The media has been too quick to vilify all of Goa for a few, isolated instances of sexual misconduct.

Tourists relax at a cafe on Baga beach in the western Indian state of Goa, March 16, 2008. (Punit Paranjpe/Reuters)

GOA, India — India's smallest state has been in the news for all the wrong reasons. The recent rape of a 9-year-old Russian girl in Goa's Morjim village has resonated far beyond the beaches of this former Portuguese colony.

Foreign journalists have picked up a quote here and there, and used the stray incident of rape to create an element of sensation for their story. It is not entirely their fault. They have to do their job. Controversy sells, and Goa tourism officials have certainly provided enough fodder for the news corps.

Micky Pacheco, the provincial minister of tourism, went so far as to call Goa the "rape capital" of India.

More damage was done by the deputy director of tourism, Pamela Mascarenhas, who told New Delhi's Mail Today newspaper: "You can't blame the locals [for acts of sexual violence toward foreign tourists]; they have never seen such women. Foreign tourists must maintain a certain degree of modesty in their clothing. Walking on the beaches half-naked is bound to titillate the senses."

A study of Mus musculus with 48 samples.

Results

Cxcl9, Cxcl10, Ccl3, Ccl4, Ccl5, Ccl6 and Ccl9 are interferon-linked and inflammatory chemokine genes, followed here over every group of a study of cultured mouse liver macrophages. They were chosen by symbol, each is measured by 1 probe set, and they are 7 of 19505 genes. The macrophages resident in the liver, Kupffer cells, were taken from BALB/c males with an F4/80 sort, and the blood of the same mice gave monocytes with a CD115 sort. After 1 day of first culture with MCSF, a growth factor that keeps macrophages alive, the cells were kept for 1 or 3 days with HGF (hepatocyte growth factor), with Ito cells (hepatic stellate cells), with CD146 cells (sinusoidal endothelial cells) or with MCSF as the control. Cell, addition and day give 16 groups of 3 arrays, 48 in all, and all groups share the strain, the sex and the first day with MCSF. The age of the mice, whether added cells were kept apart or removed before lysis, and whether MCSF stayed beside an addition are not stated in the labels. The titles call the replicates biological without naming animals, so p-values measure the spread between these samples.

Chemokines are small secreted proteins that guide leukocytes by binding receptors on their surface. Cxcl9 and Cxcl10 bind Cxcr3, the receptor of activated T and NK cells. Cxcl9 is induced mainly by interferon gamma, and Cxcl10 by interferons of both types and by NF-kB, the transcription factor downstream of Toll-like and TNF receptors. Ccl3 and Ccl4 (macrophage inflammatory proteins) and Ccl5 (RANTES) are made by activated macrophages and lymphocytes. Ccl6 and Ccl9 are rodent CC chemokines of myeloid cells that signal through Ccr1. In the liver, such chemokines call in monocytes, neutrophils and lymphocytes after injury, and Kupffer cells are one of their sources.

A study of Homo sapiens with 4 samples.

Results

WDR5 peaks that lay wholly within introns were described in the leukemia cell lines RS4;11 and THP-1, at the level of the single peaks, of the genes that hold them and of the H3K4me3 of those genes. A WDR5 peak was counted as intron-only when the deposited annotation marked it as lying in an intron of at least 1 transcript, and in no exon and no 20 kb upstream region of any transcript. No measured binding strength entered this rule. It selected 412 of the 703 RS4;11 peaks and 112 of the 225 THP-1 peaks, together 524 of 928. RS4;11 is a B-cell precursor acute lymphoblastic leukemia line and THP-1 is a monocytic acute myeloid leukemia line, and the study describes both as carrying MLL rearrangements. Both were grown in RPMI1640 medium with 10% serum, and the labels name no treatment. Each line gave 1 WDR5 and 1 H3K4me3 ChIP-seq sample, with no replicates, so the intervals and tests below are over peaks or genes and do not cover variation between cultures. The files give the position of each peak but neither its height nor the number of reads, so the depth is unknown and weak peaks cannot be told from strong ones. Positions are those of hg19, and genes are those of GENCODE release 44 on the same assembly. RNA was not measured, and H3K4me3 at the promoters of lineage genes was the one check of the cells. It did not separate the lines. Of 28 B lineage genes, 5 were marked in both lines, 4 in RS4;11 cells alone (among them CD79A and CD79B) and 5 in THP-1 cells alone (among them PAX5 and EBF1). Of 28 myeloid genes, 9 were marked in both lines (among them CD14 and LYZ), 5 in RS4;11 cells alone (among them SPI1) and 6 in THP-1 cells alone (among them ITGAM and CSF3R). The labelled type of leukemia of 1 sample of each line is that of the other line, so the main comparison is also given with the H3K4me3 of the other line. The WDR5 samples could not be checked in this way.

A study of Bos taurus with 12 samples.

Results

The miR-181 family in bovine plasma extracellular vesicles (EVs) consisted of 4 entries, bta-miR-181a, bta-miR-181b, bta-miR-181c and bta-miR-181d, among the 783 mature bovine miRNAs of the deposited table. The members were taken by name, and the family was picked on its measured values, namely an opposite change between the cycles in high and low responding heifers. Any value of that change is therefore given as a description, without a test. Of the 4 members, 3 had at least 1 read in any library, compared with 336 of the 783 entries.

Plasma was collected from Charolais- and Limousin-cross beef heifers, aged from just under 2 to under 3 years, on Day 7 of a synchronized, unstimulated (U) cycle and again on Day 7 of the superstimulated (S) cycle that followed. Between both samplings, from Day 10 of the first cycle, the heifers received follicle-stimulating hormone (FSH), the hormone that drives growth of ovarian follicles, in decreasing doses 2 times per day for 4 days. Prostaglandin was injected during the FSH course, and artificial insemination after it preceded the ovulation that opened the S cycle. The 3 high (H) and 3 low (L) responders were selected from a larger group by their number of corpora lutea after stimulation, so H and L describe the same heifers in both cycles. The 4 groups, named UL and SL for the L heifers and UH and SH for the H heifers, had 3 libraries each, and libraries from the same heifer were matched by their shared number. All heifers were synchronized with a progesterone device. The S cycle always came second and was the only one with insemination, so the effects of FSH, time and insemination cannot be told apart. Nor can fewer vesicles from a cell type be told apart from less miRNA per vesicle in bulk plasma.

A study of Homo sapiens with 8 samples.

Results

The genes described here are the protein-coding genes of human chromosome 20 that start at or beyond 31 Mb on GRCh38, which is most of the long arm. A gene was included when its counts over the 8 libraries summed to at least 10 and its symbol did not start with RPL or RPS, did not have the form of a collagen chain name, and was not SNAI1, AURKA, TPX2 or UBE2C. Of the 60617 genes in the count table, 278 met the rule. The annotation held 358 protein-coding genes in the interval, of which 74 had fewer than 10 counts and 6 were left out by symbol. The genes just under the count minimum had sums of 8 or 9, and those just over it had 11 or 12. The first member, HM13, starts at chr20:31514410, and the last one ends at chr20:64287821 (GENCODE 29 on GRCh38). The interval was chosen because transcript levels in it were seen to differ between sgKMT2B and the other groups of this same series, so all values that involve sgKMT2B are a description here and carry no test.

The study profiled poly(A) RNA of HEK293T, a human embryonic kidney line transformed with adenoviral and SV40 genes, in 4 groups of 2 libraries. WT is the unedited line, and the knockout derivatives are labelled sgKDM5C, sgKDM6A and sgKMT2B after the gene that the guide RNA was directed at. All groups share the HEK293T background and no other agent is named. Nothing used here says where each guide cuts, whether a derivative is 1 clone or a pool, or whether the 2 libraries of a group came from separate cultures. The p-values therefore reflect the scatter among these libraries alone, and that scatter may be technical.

To call Goa a rape capital, as Pacheco did after one particularly horrible act, is going too far. Moreover, to say that rape occurs because of what someone is wearing is woefully misguided.

I am a native Goan, and for me the place still retains its old charm, despite the vices of tourism. The real Goa thrives in the villages, where the rich cultural heritage is on display. Folk songs, dances (fugdi), music, dramas (tiatrs), visual arts and stories are the key to the true Goan experience.

In many ways, Goa is a progressive state. Daughters are treated better than they are elsewhere in India, and women play prominent social and economic roles.

The "free love" beaches, which gained notoriety among hippies in the 1960s and 1970s as places where drugs are rampant and anything goes, are, truth be told, limited to only a few, isolated areas. Referring to all of Goa as a "free love" zone where questionable acts go unaccounted for is an insult to the entire Goan society.